Federal Way's city attorney has apologized for blocking a citizen from commenting on a city-funded investigation during a public meeting.
At the July 16 city council meeting, Federal Way resident Norma Blanchard spoke during the citizen comment period. As soon as Blanchard mentioned the recent investigation of a complaint about the mayor, City Attorney Pat Richardson interrupted her to prevent a potential violation of state law:
Blanchard: "In the recent investigation by the city, first it was for - "
Richardson: "Point of order. I'm sorry, this is an election year. You can't talk about individuals."
Blanchard: "I'm not talking about an individual. I'm talking about a situation, Pat."
Richardson: "Point of order. You can't use a city facility for this."
The investigation stemmed from a complaint filed by City Councilmember Kelly Maloney regarding Mayor Skip Priest's behavior. The investigation was conducted in May and cost taxpayers about $5,700, according to the city.
Richardson had stopped the investigation after "the investigator became concerned the complaint was being used for political objectives." According to this interpretation, moving forward with the investigation would violate state law.
This law prohibits the city from using or authorizing public facilities — in this case, the council chambers at City Hall — for comments that address candidates and ballot measures. Both Maloney and Priest are running for election this year.
Last week, Blanchard followed up with a phone message to the city attorney's office to voice her concerns about the investigation. The city attorney's office then followed up with the Public Disclosure Commission.
On July 19, Richardson issued an apology to Blanchard.
"I learned that it would not violate state law for you to address the topic of the investigation as long as you avoid delving into the specifics that concern candidates," Richardson wrote to Blanchard in an email obtained by The Mirror. "I spoke too quickly as you may have intended to discuss the investigation in a general way without discussing specific candidates or allegations. I apologize."
Richardson's email reviewed the key findings from the investigation, and concluded with Richardson saying, "my purpose was to protect the city from violating state law."
Previously, Richardson had also interrupted Federal Way resident Betty Taylor with a "point of order" during citizen comment at the June 4 city council meeting after Taylor mentioned a report in The Mirror about the investigation. Richardson then reiterated the city's guidelines for citizen comment.
At the beginning of each Federal Way City Council meeting, the mayor asks Richardson to remind the audience that public facilities cannot be used for campaign purposes. The emphasis of the public meeting is to address city policy issues and city business, Richardson said.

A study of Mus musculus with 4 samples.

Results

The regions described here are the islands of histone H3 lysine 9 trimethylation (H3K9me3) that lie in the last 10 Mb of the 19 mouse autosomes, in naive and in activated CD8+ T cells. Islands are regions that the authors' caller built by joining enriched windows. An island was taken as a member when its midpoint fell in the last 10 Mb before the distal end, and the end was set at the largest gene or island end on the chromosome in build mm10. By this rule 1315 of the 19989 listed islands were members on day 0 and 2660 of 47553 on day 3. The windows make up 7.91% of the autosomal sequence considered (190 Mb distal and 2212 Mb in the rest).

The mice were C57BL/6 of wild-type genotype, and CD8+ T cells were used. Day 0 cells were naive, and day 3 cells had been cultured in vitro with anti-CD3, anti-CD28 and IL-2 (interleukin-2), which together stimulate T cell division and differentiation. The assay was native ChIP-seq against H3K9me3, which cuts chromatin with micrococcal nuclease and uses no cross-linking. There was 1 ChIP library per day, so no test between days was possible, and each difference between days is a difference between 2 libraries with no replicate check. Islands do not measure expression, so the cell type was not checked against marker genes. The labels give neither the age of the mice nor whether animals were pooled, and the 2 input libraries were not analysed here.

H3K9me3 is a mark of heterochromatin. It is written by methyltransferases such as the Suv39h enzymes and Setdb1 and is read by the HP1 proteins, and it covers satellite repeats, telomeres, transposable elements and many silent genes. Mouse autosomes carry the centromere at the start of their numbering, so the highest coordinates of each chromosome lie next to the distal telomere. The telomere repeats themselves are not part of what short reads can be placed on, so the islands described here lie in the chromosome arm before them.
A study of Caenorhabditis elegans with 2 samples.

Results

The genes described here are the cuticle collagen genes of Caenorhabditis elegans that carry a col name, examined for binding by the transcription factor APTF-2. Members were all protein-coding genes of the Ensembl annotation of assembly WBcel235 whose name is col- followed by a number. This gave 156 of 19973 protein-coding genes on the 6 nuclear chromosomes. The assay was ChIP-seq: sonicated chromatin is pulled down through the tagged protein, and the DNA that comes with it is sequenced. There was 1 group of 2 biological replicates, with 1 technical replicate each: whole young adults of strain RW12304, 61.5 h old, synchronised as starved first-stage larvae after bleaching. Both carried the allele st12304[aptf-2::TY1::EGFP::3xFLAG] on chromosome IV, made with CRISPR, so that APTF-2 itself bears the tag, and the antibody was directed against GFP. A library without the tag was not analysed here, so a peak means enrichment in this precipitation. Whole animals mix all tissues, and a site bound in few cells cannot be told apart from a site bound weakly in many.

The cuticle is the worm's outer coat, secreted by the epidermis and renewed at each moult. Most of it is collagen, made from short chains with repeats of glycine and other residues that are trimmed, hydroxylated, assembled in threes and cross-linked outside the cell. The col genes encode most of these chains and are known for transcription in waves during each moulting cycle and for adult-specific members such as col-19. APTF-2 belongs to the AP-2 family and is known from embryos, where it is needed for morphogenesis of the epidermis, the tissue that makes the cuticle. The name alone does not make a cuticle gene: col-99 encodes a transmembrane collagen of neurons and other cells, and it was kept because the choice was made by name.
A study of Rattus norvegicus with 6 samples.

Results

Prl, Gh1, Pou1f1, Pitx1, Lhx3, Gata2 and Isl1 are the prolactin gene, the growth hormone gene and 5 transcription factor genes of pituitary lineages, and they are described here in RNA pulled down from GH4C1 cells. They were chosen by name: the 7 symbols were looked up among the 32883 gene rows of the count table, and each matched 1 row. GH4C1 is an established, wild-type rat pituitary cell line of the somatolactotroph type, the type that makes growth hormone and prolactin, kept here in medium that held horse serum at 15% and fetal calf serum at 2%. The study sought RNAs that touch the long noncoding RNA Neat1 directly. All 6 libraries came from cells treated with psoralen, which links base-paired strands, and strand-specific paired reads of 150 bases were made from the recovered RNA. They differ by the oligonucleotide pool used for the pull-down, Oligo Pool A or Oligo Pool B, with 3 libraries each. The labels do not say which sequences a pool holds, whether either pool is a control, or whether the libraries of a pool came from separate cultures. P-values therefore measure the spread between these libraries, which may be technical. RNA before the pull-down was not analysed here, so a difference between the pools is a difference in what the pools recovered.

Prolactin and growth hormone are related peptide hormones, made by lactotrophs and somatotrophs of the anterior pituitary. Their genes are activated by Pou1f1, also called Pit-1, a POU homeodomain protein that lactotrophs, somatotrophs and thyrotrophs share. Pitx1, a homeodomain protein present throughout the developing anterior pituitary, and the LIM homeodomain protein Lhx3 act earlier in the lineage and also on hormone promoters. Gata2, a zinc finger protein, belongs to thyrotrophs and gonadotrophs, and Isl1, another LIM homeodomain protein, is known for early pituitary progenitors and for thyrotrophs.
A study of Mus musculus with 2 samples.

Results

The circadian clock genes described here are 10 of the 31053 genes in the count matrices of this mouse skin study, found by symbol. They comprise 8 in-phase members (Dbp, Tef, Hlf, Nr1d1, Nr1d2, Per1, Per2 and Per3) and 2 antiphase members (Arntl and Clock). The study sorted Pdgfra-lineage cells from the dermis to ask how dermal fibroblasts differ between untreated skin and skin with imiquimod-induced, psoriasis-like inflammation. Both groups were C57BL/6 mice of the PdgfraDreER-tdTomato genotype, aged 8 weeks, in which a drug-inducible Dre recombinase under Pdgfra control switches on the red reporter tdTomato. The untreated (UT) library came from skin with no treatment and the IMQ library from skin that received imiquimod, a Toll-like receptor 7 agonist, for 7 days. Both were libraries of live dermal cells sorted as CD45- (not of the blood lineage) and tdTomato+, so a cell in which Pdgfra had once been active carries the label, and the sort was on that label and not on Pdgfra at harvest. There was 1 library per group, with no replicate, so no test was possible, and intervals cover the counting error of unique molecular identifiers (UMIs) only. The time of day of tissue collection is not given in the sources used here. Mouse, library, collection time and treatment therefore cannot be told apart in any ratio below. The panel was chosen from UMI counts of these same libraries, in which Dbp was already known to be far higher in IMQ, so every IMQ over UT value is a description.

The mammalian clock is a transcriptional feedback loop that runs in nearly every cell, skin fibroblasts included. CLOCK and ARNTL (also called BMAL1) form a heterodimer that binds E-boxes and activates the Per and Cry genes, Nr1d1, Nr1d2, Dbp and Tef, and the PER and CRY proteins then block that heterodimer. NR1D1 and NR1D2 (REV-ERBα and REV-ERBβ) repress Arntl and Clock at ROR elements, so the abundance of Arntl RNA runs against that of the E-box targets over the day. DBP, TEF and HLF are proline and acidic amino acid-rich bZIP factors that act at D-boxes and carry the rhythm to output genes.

Regarding the July 16 council meeting, Blanchard said she was dissatisfied with the investigation's outcome and had questions regarding the specifics.
"I knew I was going to get shut down," Blanchard told The Mirror. "We need a new city attorney."
No right to public comment?
State law gives Washington citizens the right to attend public meetings. Most government agencies like the Federal Way City Council allow citizen comments at public meetings, but are not required by law to do so.
Likewise, governments have the right to impose time limits on public comment, and can also limit "inappropriate" or "disruptive" comments.
"An irony of American free speech law is that it provides more protection for ranting on a street corner than speaking out at a public meeting," according to a UCLA case law study, which cites a U.S. Supreme Court recognition that "such meetings are venues for administrative business and not just citizen engagement."
About the Federal Way investigation
A formal complaint was filed May 9 by Councilmember Kelly Maloney after a conversation she had with Mayor Skip Priest the day before.
The complaint describes a nearly 30-minute meeting in which the mayor was angry, pounding his fist on the desk and "lacing the 'F' word throughout his statements as he was yelling." The complaint alleged the mayor was trying to intimidate Maloney and claimed the mayor also cried.
To investigate the complaint, the city hired attorney Eileen M. Baratuci of Arbitration, Investigation and Mediation (AIM) Services based in Port Townsend.
The 10-page report summarizes the attorney's interviews with Priest, Maloney and people who may have witnessed the initial confrontation or the mayor's "direct mode," a term that Priest uses to describe a harsh style of communication.
The complaint became public when the city released it to the Federal Way Mirror in response to a public records request.
The investigator reported a concern that the complaint "was being used for political objectives."
According to the investigator: "Although I do not make any specific findings about who notified the press of Ms. Maloney's complaint, the fact that Ms. Maloney told Mayor Priest's political opponent (Deputy Mayor Jim Ferrell) about it raises the possibility that the complaint itself, regardless of the investigative findings, could be used to elicit as much damage politically, as possible, over a single conversation."
To read the investigator's report, click here.